NFL 2012

NFL Teams Can't Stop Scoring. When Will They Stop Running and Punting?

NFL 2012


Tom Brady
Tom Brady points to a blocking assignment in the Patriots' season open against the Tennessee Titans.

Photo by Wesley Hitt/Getty Images.

We saw lots of scoring in Week 1—791 points in all, the most for any first week ever and the second-most for any week. It's tempting to attribute the scoring explosion to the replacement refs—Mario Williams certainly wouldn't get in your way if you did—but it's more likely that the point totals are part of a much larger long-term trend, one that is having dramatic effects on how pro football is played.

The passing game has never been more explosive. It's now trite to say the NFL is a passing league and the sport is a quarterback's game, but it's never been more true. If I had to hang my hat on one simple football statistic as a measure of a team and its prospects for winning, it would be yards per pass attempt (YPA). No other stat correlates so well with a team's fortunes. YPA has been on the climb for decades, ever since the rule changes of 1978. In the last few years, it has accelerated its climb. Last season YPA was the highest ever for the NFL at 6.7. This past weekend it was over 6.9 despite the influx of rookie passers.

The other big development in the sport is field goal kicking. Kicks have become longer and more accurate. In 1974, league field goal percentage was 60.6 percent. These days that percentage is in the mid-80s. And even that doesn't tell the whole story. In 1974, 36 percent of all field attempts were from 40 yards or beyond. Now that figure is typically well over 40 percent. Offenses have slowly adapted to the rules over time, blindly feeling their way forward through trial and error, clinging a little too tightly to the myth that establishing the run is critical to success. Both sacks and interceptions have trended downward in the same period, making passing more lucrative and less risky at the same time. In comparison, rushing yards per attempt has barely budged, hovering around 4.1 yards per carry.


Punts don't make as much sense as they used to. When a team punts, it is essentially trading away a chance to keep possession in return for a field-position advantage. But when it takes Drew Brees or Tom Brady only two passes to make up that 30 or 40 yards of field position bought by a punt, you have to ask, "Why bother?"

Additionally, these developments change the strategy equation in the end game. When offenses are in what they call the four-minute drill, trying to run out the clock with a single-score lead, they can no longer count on a run-only strategy. We used to talk about the two-minute drill, in which heroic quarterbacks lead their teams on a winning march down the field. Now, two minutes sounds like a quaint eternity. Offenses need only seconds to steal a win. In the Jaguars-Vikings game on Sunday, the teams needed only 1:18 to manufacture not one but two full, lead-changing drives totaling 10 plays and 11 points.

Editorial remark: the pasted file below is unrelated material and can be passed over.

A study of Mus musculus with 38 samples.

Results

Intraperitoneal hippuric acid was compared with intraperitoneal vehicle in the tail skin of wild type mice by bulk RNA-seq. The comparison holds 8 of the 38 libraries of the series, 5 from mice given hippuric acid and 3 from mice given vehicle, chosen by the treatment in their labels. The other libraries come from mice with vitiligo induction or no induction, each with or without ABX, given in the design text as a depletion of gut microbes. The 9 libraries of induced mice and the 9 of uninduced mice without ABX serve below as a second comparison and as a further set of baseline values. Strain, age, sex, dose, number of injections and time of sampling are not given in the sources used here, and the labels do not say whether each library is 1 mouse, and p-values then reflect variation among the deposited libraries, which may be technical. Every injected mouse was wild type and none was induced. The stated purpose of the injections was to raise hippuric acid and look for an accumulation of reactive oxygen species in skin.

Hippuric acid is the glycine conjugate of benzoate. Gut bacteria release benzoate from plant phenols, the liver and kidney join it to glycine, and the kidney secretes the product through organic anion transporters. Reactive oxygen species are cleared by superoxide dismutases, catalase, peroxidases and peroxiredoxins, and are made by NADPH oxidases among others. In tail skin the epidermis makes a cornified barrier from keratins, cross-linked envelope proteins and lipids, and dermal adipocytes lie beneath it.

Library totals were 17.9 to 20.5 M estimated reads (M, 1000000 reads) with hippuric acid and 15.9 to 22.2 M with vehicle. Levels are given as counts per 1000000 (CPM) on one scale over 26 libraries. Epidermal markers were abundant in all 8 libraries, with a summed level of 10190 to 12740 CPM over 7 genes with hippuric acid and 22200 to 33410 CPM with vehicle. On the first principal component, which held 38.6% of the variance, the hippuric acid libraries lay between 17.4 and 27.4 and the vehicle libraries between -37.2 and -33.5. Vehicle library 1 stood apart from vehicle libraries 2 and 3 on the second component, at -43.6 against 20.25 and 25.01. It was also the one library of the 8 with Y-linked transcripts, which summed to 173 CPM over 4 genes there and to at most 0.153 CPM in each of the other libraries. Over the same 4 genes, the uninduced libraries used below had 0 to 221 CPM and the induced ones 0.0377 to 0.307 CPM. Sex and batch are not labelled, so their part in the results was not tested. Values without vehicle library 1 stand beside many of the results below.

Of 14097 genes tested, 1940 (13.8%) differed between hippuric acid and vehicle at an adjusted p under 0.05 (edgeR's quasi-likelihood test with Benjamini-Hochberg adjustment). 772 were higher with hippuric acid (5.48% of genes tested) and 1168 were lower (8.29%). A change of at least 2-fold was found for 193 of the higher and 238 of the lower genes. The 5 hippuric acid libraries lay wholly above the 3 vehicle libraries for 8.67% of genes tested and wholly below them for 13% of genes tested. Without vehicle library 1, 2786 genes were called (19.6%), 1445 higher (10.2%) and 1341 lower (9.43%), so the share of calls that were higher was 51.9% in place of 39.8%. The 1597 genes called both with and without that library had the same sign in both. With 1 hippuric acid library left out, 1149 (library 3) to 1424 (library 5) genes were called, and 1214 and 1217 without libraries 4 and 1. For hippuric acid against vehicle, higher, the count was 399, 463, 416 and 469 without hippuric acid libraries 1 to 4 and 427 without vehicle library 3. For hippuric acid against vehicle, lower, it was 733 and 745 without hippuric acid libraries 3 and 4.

What this means is that running the clock down to under one minute with a few runs and then punting is no longer a winning strategy. The teams that win will be the aggressive ones that pass the ball where a more conservative team might be content to run and chew clock. Rookie Robert Griffin III had a great first game, but his biggest play was not the 88-yard touchdown pass to Pierre Garcon. It was a 22-yard pass on second-and-13 from his own 17 with 2:22 left to play. It gave the Redskins a new set of downs and kept on the sideline a New Orleans offense that had just ripped off touchdown drives in 1:04 and 0:53. That single first-down conversion was the equivalent of a triple play with the bases loaded in the ninth inning. By the time Saints got the ball back, Drew Brees had only 22 seconds to work with.

The game continues to change, and the teams that adapt will be the ones that win.

Brian Burke is a former Navy fighter pilot and founder of Advanced NFL Stats. He regularly contributes to the New York TimesFifth Down and the Washington Post's Insider.